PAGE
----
Kansas Corn Supports Marketing Initiatives to Sell Pork to Global Consumers
Strategy to Increase Japanese Pork Sales Implemented by USMEF
A new overseas marketing effort is adding value to American pork.
The U.S. Meat Export Federation is implementing a strategy in Japan to promote branded and thick-cut pork products. The Kansas Corn Commission has been a long-standing supporter of USMEF initiatives, and believes this effort can increase sales of American pork as a high-end niche market to the Japanese consumer.
In the first eight months of 2012, Japan purchased 307,442 metric tons (677.8 million pounds) of U.S. pork valued at more than $1.3 billion, an increase of six-percent in value on six-percent lower volumes compared to 2011. Kansas is the number ten state in hog and pig inventory and produces about 2.7-percent of the nation's total swine.
Competition in Japan's branded pork market is intense with more than 400 domestic brands competing for consumer attention. Earlier this year, USMEF conducted an American Branded Pork Campaign to encourage consumers to purchase branded U.S. pork in supermarkets and restaurants.
The USMEF marketing effort brought together representatives from eight national Japanese newspaper outlets for presentations by leading Japanese meat processor Hannan Foods Group as well as the ANA Intercontinental Hotel Tokyo, a regular user of branded U.S. pork.
"These activities increase awareness of the quality and value of pork products to consumers in Japan," said Kansas Corn Commissioner Pat Ross, Lawrence. Ross raises grain and livestock on his family farm. "The work that USMEF does to build export markets for pork and beef are important to me as a corn producer and as a livestock producer."
A recent consumer survey showed more than 80-percent of Japanese consumers eat pork more than once each week and 90-percent are familiar with branded pork products in Japan. The survey also showed that only about 30-percent of consumers purchase branded pork regularly, with a third of that group only buying the product for special occasions due to the higher price it commands.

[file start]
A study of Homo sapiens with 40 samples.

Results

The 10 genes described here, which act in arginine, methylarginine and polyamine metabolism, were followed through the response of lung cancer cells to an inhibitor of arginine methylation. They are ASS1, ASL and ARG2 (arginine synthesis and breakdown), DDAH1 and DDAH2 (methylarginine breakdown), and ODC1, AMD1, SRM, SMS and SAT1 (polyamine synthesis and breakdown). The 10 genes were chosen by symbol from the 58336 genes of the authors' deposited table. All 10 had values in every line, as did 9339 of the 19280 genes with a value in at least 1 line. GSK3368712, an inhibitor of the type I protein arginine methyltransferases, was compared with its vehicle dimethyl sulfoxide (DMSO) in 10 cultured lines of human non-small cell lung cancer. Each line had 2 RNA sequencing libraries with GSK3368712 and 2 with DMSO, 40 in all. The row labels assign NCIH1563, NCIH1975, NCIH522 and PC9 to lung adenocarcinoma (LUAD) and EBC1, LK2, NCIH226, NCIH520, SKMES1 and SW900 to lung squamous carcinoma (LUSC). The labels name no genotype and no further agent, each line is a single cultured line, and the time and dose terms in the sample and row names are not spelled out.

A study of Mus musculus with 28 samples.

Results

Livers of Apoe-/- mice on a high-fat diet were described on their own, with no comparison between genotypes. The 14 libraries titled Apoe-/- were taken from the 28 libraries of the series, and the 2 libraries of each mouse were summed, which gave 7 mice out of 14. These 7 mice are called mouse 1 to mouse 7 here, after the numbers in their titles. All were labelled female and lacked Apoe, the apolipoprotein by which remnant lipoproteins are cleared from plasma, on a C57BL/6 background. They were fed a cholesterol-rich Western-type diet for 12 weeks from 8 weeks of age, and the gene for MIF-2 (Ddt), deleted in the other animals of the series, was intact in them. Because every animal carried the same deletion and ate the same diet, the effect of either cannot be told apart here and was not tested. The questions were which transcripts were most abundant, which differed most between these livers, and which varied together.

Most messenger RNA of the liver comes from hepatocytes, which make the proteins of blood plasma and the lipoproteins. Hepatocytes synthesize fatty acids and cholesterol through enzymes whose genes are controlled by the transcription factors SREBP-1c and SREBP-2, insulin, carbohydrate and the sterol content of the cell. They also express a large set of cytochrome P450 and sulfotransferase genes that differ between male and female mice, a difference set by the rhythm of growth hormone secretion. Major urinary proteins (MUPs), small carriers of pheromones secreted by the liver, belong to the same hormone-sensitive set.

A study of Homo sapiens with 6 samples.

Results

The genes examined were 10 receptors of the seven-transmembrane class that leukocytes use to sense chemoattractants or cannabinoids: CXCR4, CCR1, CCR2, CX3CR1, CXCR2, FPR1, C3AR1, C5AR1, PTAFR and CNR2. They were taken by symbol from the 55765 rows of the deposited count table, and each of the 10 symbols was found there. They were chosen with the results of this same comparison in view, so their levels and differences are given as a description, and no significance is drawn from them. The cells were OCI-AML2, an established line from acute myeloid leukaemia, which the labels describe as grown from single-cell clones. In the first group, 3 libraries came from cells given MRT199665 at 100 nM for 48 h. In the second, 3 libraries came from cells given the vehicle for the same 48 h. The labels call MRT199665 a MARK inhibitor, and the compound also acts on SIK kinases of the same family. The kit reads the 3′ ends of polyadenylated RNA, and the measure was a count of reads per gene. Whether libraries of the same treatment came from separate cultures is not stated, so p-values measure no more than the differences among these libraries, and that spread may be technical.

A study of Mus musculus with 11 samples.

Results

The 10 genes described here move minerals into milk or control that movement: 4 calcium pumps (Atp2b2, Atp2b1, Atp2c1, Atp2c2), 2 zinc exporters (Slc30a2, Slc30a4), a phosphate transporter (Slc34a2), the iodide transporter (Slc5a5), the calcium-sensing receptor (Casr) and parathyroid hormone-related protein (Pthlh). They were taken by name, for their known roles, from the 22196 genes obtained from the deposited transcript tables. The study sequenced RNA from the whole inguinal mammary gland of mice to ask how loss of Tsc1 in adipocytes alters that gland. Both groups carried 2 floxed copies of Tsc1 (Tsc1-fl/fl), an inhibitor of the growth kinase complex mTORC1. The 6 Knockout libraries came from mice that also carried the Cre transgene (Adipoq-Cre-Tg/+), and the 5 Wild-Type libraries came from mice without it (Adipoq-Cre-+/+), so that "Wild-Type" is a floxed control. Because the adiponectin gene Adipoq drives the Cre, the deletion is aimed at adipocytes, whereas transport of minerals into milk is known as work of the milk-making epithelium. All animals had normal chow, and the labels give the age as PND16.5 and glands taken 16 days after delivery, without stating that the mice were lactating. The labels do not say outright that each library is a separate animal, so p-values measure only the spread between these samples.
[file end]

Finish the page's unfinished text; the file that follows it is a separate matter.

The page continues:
To introduce consumers to cooking techniques that work for larger pork cuts, USMEF-Japan hired popular cooking instructor Rika Yukimasa to develop U.S. pork recipes - including some for microwave cooking - that will be introduced during a two-month promotion that runs through the end of 2012.
For the current promotion, Yukimasa demonstrated "easy cooking roast pork" recipes for a group of 160 food bloggers and homemakers to help develop word-of-mouth awareness. The recipes will be featured in this week's issue of ESSE magazine in addition to retail point-of-purchase recipes and labeling.
Funding for the thick-cut pork initiatives is provided through the USDA Market Access Program (MAP) and the Pork Checkoff, a national program supported by producers when pigs are sold and when products are brought into the United States.
The Kansas Corn Commission has been a supporter of USMEF since the late 1970s. Specifically, the state's corn checkoff program funds USMEF activities and information because of its partnership with the cattle and pork feeding industry. There are currently 1,500 hog farms in Kansas. Of these, 310 farms produce 95-percent of the state's pork. Kansas produces more than 500 million pounds of pork each year, which helps feed millions of people in the U.S. and abroad through exports.